Rivier still searching for identity
NASHUA – Jake Nelson had a decision to make, and it wasn’t an easy one.
The former Nashua High School South standout was dabbling in the world of engineering at Worcester Polytechnic Institute, and also the world of a top regional Division III basketball program.
But the lure of home and plans of changing his career to education were a combination too great to keep him in Worcester, and he’s glad he made the decision to transfer to Rivier College.
So are the Raiders, who head coach Dave Morissette says are still searching for their true identity in the midst of a 10-8 season, 5-6 in the highly competitive Great Northeast Athletic Conference. It’s not the same as WPI’s program, once ranked 18th nationally, but Nelson likes it just fine.
“I decided (engineering) wasn’t for me,” he said. “Both my parents are teachers, I want to be an education major. I love the guys, they’ve really made the transition easier for me. I thought it was going to be tough.
“I’ve been going to camp with coach Morissette since I was in the fourth grade. … It was tough (to leave WPI), but at the same time, you can play for a nationally-ranked team but you have to get your education too. I think we could beat them if we played them.”
Meanwhile, across town, the Daniel Webster College men’s team is much improved from last year’s 9-16 season. The Eagles currently sit at 9-8 overall and 3-4 in the New England Collegiate Conference. Head coach Dave Faucher is trying to get the program back to where it was in his first year at the helm two years ago when it won 18 games and made an ECAC appearance.
“I think we’re close,” he said. “We have a team right now that can compete with anybody. Conversely, we can get beat by anyone.”
Here’s a look at how both local men’s teams shape up as the season has about a month to go:
The Raiders would love to finish in the top four of the GNAC and get their first home playoff game since advancing to the NCAAs in 2007. Morissette says it’s certainly an attainable goal. After first place Albertus Magnus, there’s a lot of parity, but Riv in his mind needs to take that next step.
“We’re still finding ourselves, I hate to say that,” Morissette said. “We still have not found a flow yet. To be honest, we might have too many guys who scored a lot points in high school, and we’ve got to figure out who we are.
“We’ve got to figure out who we are and go to our strengths.”
The strength of the Raiders is obviously in 6-foot-8 center D.J. Poitras, who is averaging 14.6 points and 8.2 rebounds per game. His point average is down nearly a point in the last two weeks. But sometimes the problem is getting him the ball as Morissette admits – “we have a turnover problem (22 in an 84-73 win over Lasell on Saturday) on this team. If we can stop turning the ball over, we’ll be in great shape.”
Morissette says the Raiders turn the ball over too often trying to get the ball in to Poitras, who at times is limited to as few as 10 shots.
“We have to understand where our strengths are inside out,” Morissette said. “And a lot of games we go outside-in, no matter how much we talk.”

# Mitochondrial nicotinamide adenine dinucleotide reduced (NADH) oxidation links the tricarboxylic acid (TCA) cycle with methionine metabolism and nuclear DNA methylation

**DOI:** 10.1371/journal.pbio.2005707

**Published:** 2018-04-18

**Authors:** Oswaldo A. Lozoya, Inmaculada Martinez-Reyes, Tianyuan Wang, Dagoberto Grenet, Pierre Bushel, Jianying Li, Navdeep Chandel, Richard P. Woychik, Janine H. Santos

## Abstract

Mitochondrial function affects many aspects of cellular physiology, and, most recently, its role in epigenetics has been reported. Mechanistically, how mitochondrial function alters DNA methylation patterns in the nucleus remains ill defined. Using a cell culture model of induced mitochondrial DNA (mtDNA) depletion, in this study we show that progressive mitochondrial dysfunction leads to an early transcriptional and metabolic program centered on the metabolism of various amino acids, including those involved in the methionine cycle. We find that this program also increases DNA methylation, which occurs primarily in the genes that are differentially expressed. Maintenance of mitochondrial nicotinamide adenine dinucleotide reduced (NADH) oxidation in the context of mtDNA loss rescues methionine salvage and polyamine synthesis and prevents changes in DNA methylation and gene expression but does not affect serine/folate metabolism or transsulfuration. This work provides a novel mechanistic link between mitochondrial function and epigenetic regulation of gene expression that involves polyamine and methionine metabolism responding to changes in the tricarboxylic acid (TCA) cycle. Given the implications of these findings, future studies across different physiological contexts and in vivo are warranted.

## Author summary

Their outside game usually comes from 5-11 guard Nick Bean, averaging 14.1 points per game. But the Raiders are shooting just 46.4 percent from the floor and 32.9 percent from 3-point range.
Guard Cliff Celestin, a sophomore, is getting healthier after injury woes limited him in the first half and he may be able to stabilize one of the ball-handling spots, helping out point guard Will Snider.
“He’s a good energy guy,” Morissette said. “He’s got a lot to learn, and he’s missed a lot. He’s going to be a great player here, no question about it. … It’s been a tough adjustment for him and the guys. But I’m hoping we evolve into something in the next week or so.”
“I think we have a lot of learning to do,” Nelson said. “But we’re a tough team.”
Daniel Webster College
Senior Chris Hanson, of Salem, Mass., leads the Eagles with a 13.9 points per game average, but that’s not where this team’s bread is buttered. That is on defense – one that is limiting opponents to a conference-best .404 shooting percentage and .288 from 3-point range.
“That’s a huge jump from a year ago,” Faucher said.
The Eagles need help inside, where 6-5 senior Eric Suarez leads them with 7.4 rebounds a game and gets help from 6-3 freshman Daris Crosby and Hanson.
“We’re getting 20 points from the 5-spot but we’re doing it a different way, with about five players,” Faucher said.
“With rebounding, we’re in the middle of the pack in the league. But sometimes we’re a little too dependent on the 3-point shot.”
From 3-point land, the Eagles are shooting 33 percent, and Hanson, who actually is shying away from downtown of late with more two’s, is at 36 percent to lead the team. Faucher says the team needs that second shooter as they had a couple of years ago to go with Hanson, who emerged as a sophomore. Sophomore Keith Speed, out of Columbus, Ohio, is next in scoring with 10.6 points.
“The bottom line is we’re a lot different when the ball goes in the basket,” Faucher said. “But so are a lot of other programs. We’re not as athletic as some programs in our league.”
But can they contend?
“There’s no doubt we’re at that level,” Faucher said. “Our conference is very good. We’re pretty competitive within it, we’d like to get a top four and get a home seed.”
That’s what the next month will determine.